On Sunday afternoon, Chris Froome (Team Sky) will pedal through the streets of Rome in the maglia rosa and aboard a pink bike. He will accept the congratulations of his teammates as he freewheels across the finish line on the Via dei Fori Imperiali. In the shadow of the Coliseum and amid a shower of pink confetti, he will be presented with the Trofeo Senza Fine.
In short, Froome will be acclaimed with the normal pomp and ceremony as the winner of the 2018 Giro d’Italia, but, by any metric, this cannot be described as a normal edition of the Giro d’Italia. The still unresolved case of Froome’s positive test for salbutamol at last year’s Vuelta a España has seen to that.
On the eve of the Grande Partenza in Jerusalem, race director Mauro Vegni claimed that the UCI had assured him that Froome’s final result would stand regardless of the outcome of the salbutamol case. That same evening, the UCI issued a statement to refute that claim, and president David Lappartient reiterated that stance when he visited the Giro this week.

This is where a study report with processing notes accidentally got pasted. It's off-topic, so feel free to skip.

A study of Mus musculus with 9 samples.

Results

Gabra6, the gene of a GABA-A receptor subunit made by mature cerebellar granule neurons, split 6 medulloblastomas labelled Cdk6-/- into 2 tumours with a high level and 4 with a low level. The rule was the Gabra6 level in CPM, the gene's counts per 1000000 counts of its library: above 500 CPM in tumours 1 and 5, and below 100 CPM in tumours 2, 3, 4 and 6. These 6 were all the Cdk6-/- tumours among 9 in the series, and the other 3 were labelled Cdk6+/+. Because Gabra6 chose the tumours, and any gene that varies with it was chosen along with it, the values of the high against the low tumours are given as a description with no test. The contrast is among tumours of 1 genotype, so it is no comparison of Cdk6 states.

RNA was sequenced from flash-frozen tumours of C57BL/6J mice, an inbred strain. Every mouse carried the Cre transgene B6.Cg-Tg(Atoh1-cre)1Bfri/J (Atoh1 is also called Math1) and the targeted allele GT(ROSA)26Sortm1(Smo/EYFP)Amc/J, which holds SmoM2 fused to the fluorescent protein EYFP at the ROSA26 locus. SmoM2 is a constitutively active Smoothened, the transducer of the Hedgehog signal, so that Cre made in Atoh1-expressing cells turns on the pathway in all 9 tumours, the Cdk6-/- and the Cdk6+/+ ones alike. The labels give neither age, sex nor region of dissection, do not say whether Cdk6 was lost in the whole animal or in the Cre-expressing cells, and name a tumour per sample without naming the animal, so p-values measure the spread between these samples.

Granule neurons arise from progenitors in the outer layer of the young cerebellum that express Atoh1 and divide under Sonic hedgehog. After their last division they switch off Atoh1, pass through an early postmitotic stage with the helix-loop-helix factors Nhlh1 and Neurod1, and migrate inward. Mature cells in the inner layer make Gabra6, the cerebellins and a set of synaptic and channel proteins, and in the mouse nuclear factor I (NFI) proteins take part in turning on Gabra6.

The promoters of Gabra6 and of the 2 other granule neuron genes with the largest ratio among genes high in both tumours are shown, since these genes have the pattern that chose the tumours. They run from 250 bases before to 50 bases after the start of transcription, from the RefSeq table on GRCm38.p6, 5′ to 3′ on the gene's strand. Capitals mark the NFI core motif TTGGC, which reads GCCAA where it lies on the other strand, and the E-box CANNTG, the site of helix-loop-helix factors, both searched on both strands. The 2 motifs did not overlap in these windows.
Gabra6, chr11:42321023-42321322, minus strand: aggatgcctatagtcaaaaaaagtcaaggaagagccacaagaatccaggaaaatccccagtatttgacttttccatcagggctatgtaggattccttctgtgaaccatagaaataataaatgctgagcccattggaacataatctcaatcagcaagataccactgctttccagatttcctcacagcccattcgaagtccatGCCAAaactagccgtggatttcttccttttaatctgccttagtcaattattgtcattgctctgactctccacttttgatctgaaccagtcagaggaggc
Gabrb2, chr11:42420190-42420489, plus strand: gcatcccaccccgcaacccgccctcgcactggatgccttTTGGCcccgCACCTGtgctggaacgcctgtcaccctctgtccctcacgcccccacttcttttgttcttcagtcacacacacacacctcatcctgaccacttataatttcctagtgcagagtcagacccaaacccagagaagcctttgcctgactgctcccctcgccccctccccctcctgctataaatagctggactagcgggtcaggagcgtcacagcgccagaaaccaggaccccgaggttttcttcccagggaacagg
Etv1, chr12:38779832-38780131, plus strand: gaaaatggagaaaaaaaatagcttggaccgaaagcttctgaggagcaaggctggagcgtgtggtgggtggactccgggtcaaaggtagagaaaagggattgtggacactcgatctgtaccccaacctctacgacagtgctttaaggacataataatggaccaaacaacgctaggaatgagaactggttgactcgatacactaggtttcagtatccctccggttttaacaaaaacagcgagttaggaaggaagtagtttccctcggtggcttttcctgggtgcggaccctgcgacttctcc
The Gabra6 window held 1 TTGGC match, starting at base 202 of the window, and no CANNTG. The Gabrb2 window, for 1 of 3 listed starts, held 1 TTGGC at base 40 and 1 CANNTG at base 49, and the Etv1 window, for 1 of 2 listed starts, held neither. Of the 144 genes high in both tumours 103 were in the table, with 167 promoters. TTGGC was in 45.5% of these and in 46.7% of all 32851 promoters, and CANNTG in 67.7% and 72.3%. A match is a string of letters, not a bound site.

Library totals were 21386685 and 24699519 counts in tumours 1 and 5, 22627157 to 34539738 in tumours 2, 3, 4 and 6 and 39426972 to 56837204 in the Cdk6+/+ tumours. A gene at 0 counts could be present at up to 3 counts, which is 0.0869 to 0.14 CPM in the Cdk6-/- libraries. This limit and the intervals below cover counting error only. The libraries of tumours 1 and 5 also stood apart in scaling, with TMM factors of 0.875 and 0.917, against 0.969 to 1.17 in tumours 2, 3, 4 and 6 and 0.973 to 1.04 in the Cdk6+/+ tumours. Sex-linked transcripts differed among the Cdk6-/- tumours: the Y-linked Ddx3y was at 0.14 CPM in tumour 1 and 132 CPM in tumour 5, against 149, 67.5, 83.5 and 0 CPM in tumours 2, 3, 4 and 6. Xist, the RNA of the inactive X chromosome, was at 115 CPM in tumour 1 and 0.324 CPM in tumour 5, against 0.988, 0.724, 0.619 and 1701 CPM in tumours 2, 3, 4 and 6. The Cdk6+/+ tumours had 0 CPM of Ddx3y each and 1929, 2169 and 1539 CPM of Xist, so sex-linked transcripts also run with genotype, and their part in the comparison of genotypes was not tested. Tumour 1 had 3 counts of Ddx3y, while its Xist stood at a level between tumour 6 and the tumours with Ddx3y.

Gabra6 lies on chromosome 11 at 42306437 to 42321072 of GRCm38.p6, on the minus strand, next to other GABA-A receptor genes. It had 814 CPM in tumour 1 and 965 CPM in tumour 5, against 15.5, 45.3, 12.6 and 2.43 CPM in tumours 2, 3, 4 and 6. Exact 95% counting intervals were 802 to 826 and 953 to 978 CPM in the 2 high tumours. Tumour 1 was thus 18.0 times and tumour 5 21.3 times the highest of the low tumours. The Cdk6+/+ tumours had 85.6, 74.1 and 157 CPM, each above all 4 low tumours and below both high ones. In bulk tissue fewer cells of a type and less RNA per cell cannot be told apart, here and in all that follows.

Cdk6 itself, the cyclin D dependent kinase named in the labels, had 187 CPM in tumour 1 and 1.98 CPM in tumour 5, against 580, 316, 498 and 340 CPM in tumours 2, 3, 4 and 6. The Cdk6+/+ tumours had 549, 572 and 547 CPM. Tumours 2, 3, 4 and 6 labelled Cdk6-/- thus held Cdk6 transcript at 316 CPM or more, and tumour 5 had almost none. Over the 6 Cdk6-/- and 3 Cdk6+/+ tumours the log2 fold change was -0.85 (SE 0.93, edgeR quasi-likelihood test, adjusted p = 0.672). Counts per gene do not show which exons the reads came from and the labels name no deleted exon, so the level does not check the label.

In Rome on Sunday, the 2018 Giro winner’s name will be writ in water, not set in stone.
After securing final overall victory by repelling Tom Dumoulin’s flurry of attacks on the road to Cervinia on Saturday afternoon, Froome was asked about his salbutamol case. His comments, as they have been since news of the matter broke in December, were decidedly low on detail.
“That’s obviously something we’re dealing with. I have a clear conscience,” Froome said. “As I said, when the time is right, all the information will be shared with everyone and I’m sure people will see it from my point of view.”